We are living in increasingly fragile times. Social and economic inequalities endure, our natural world is being destroyed, and forced migration leaves millions displaced. Writers have always taken inspiration from their environments – so what kind of stories will emerge from these uncertain times?

Join award-winning author Alexis Wright as she talks to some of Australia’s finest storytellers about catastrophe, resilience and hope.

Presented in partnership with State Library Victoria.


Lately, Peter Carey has been feeling as through he’s living in one of his early short stories about collapsing, oppressive societies: “The time we’re in now feels like the sort of things I was terrified of and imagined when I was in my 20s and 30s”.

In episode two of Signposts: stories for our fragile times, the much-lauded and prolific Carey sits down with host Alexis Wright to share what life has been like in the turbulent “whirlpool” of his adopted home town, New York City, why storytelling will always flourish despite adversity, and the process of addressing the repercussions of Australia’s brutal colonial past in his most recent book A Long Way from Home.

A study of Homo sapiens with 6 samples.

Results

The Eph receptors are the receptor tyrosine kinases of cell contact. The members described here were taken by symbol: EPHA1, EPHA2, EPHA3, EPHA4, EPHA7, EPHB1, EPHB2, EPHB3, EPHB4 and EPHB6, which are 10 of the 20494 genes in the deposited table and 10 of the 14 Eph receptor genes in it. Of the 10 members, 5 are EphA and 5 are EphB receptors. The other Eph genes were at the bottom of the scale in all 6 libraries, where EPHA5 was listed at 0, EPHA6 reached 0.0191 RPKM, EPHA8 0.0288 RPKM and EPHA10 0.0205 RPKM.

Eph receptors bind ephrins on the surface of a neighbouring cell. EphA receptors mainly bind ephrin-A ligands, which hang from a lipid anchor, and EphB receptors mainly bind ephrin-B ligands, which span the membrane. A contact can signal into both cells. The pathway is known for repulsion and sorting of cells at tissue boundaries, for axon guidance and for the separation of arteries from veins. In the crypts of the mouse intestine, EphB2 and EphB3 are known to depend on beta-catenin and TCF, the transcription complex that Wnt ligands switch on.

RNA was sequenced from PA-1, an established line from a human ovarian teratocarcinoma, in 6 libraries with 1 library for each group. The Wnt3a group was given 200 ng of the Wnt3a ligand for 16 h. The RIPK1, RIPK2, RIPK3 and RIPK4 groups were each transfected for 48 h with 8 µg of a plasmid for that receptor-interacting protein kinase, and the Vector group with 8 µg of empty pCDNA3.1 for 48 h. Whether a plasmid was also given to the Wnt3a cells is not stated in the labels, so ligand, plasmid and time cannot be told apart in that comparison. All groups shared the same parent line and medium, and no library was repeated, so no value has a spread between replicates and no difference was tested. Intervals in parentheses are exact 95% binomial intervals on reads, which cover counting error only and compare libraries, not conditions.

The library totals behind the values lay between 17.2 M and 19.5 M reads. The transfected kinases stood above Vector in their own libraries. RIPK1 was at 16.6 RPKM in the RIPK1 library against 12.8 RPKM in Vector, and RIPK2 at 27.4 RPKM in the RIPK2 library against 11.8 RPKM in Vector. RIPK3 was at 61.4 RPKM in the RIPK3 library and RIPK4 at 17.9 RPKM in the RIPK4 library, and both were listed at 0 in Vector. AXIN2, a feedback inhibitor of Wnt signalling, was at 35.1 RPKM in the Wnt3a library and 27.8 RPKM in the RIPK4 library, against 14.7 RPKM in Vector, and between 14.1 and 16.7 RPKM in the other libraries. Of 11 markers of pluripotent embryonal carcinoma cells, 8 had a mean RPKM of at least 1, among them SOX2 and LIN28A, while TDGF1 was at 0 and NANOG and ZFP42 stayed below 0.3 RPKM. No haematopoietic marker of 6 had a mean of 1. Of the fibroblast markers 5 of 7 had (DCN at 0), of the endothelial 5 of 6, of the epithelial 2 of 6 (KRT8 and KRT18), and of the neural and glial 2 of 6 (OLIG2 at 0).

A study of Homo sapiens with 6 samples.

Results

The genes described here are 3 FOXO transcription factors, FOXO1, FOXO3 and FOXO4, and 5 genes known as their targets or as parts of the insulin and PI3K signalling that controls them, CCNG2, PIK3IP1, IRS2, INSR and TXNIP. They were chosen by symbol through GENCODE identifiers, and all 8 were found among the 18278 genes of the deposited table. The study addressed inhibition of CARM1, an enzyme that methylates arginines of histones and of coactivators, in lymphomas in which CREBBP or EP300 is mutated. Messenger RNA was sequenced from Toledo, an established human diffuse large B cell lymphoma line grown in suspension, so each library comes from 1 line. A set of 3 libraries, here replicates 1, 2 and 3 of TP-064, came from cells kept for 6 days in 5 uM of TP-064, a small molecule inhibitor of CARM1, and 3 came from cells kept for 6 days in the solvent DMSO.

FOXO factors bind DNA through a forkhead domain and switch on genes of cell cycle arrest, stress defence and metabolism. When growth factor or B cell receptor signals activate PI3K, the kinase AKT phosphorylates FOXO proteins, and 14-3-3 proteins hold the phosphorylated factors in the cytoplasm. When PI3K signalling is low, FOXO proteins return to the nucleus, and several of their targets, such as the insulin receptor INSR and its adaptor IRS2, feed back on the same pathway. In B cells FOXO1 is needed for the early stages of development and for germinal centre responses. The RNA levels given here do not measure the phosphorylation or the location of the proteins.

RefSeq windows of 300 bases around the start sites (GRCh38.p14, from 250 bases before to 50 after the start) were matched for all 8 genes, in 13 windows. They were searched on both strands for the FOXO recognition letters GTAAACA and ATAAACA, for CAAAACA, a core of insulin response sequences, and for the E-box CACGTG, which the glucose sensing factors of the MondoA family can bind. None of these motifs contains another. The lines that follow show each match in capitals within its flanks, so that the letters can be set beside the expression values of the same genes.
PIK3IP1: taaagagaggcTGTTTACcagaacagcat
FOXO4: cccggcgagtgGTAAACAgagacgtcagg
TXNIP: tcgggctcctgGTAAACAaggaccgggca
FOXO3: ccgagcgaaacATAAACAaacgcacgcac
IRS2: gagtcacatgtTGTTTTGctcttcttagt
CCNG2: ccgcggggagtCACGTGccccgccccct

To close the episode, Carey offers a rare reading from his work, bringing to life the voices of two characters that lived against the odds: Irene Bobs, from A Long Way from Home, and Ned Kelly himself, as featured in Carey’s Booker-winning 2000 novel, True History of the Kelly Gang, recently adapted for television.

Alexis Wright
Photo: Vincent Long

About Alexis Wright

Professor Alexis Wright is a member of the Waanyi nation of the Gulf of Carpentaria. She is an author and essayist whose publications include Carpentaria (Giramondo, 2006), awarded the Miles Franklin Award in 2007; The Swan Book (Giramondo, 2013), awarded the Australian Literature Society Gold Medal in 2014, and Tracker (Giramondo, 2017), awarded the Stella Prize in 2018. Her essay ‘What Happens When You Tell Somebody Else’s Story’ (Meanjin, 2016) was awarded the Hilary McPhee Award in 2016. She holds the Boisbouvier Chair in Australian Literature in the Faculty of Arts at the University of Melbourne.

The Boisbouvier Chair in Australian Literature was established in 2015, made possible thanks to a $5 million gift from Mr John Wylie AM and Mrs Myriam Boisbouvier-Wylie.